And barring evidence to the contrary, residents of the camp believe the fires were deliberately set, said camp advocate Chris Bossley.
“They have no choice because no one is telling them, to the best of my knowledge, how these things are starting,” Bossley said Monday.
Saturday’s blaze took place at about 6:15 a.m. and saw flames shooting five metres into the air. One woman suffered burns to her hands and feet and smoke inhalation.
Maple Ridge Fire and Rescue chief Howard Exner said the fire started in a tent that had wooden supports, but which had lost its top following the Dec. 20 wind storm. He added that it was the wooden part that burnt and that a camp resident had tried to douse the flames with a fire extinguisher but it just grew too fast.
Bossley though said the lack of information is leading camp residents to make their own conclusions about the causes of previous fires and says the fire department should update campers regularly.
“To me, that is the least they should do. Are they releasing the information to anyone down there?”
She’s wondering why the fire department hasn’t been able to identify the causes of any of the fires.
Exner said that the combustible, fast-burning materials at the site make it difficult to determine the cause of a blaze.
“The only thing I can answer to that regard is, we go where the evidence takes us. There’s been no indication or evidence that has led us in the direction to how the fires actually began.”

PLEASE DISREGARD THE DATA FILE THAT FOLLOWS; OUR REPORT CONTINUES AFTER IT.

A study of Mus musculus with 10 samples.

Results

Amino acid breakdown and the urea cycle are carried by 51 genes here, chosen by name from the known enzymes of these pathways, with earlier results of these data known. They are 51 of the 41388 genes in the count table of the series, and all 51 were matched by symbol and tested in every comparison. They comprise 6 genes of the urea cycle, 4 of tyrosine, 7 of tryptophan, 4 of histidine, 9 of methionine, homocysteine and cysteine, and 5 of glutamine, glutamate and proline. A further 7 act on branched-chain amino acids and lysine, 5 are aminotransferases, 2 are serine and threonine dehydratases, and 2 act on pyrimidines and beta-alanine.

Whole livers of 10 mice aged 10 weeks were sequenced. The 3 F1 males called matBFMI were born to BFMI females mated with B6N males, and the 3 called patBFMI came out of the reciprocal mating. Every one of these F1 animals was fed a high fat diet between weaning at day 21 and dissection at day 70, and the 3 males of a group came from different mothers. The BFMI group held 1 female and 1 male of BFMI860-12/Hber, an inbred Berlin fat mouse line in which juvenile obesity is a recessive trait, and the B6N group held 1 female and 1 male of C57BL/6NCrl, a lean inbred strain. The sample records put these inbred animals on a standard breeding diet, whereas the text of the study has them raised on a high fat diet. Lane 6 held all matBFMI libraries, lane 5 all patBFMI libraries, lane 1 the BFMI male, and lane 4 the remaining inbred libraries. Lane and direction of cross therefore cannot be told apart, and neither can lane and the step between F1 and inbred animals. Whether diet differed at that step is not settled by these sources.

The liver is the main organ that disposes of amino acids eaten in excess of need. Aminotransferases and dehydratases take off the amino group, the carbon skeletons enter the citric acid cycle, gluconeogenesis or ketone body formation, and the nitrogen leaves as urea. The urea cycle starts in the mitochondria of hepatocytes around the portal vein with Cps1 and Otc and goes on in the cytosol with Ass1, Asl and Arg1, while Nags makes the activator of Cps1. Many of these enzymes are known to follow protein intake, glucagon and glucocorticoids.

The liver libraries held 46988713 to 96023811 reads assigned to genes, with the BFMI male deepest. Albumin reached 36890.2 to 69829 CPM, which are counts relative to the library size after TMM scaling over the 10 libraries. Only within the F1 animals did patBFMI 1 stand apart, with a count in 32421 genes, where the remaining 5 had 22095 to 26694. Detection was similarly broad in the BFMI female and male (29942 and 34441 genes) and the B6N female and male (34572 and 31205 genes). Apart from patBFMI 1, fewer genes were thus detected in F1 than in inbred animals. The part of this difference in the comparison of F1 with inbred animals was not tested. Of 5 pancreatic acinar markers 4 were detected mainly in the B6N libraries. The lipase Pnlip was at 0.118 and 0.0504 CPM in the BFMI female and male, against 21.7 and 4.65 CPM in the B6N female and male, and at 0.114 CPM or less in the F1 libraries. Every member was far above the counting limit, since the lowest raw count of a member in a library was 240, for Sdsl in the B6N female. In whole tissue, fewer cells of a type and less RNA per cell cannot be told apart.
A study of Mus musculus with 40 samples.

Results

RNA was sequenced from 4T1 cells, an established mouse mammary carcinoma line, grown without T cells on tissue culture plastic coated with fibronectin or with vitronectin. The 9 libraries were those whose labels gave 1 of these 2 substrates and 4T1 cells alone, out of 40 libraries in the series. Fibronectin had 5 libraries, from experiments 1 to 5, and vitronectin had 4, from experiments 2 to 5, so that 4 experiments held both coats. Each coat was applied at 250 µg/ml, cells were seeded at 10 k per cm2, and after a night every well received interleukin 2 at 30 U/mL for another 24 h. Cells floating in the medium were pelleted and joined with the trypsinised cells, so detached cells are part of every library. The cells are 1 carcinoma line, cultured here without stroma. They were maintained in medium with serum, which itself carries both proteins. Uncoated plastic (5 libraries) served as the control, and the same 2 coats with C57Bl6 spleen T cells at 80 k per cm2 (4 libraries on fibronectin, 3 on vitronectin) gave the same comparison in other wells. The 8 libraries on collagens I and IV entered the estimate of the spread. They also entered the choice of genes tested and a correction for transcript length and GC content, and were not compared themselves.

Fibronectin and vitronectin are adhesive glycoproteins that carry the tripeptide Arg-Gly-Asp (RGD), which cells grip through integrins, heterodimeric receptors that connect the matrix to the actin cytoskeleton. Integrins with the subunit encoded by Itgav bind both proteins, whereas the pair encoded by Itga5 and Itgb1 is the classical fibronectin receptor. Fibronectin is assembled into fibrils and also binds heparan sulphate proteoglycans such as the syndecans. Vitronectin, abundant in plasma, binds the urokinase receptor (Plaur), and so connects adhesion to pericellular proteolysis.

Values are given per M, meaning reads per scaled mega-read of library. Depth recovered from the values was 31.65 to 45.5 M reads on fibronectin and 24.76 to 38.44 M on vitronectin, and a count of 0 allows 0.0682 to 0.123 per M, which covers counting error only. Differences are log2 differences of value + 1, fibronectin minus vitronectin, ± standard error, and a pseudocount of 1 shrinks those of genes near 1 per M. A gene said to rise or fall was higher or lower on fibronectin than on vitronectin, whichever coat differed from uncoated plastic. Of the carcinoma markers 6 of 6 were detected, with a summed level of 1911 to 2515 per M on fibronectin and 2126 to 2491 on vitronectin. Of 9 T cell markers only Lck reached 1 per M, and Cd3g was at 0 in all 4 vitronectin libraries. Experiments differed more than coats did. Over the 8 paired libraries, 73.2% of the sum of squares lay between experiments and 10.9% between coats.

Exner said that any time a camp resident raises a concern that a fire has been deliberately set, he or she is referred to police.
But camp residents usually don’t follow up with law enforcement.
“Until somebody wants to stand up and say, ‘I saw a guy dressed in blue jeans with a white-and-blue checkered shirt come in here and start the fire’ … I don’t know,” Exner said.
“In some cases, we don’t have any evidence to support where the fire started. In some cases, we do know where the fire started.”
Regarding the most recent fire, “We don’t have any evidence to support whether the fire’s incendiary in nature or not,” Exner added.
“Right now, all the fires that have taken place there, are termed still under investigation and not determined at this point.”
There’s no evidence suggesting how the fires started, he explained.
Exner does admit, however, it’s strange to have six fires in the camp within a year and a half.
“There’s an odd cluster of fires at that location and you can make all the suppositions you want about why. But without direct evidence about why those fires take place, that’s all it is, is supposition.”
He remains concerned, though, about the fire situation at tent city. During Saturday’s blaze, big tarps were also burned.
“If those had been tents … they too would have burned. And that’s what our concern is. That’s why we have a huge concern about what it is we need to do to make the camp safe.”
Exner said the fire department has told camp residents many times how to improve fire safety.
“They don’t want to do what we’ve been asking them to do, for 18 months. We’ve told them, don’t do stuff — and they do it.”
The City of Maple Ridge is returning to B.C. Supreme Court this month for an order to enforce fire safety regulations at the camp.
The city also wants a court order that will allow it to “better identify” people at the camp, so it knows how many need housing.
Ridge Meadows Sgt. Brenda Gresiuk said police are not investigating any of the six fires as arson.
“We have not received any evidence that there’s criminality involved in those fires,” Gresiuk said.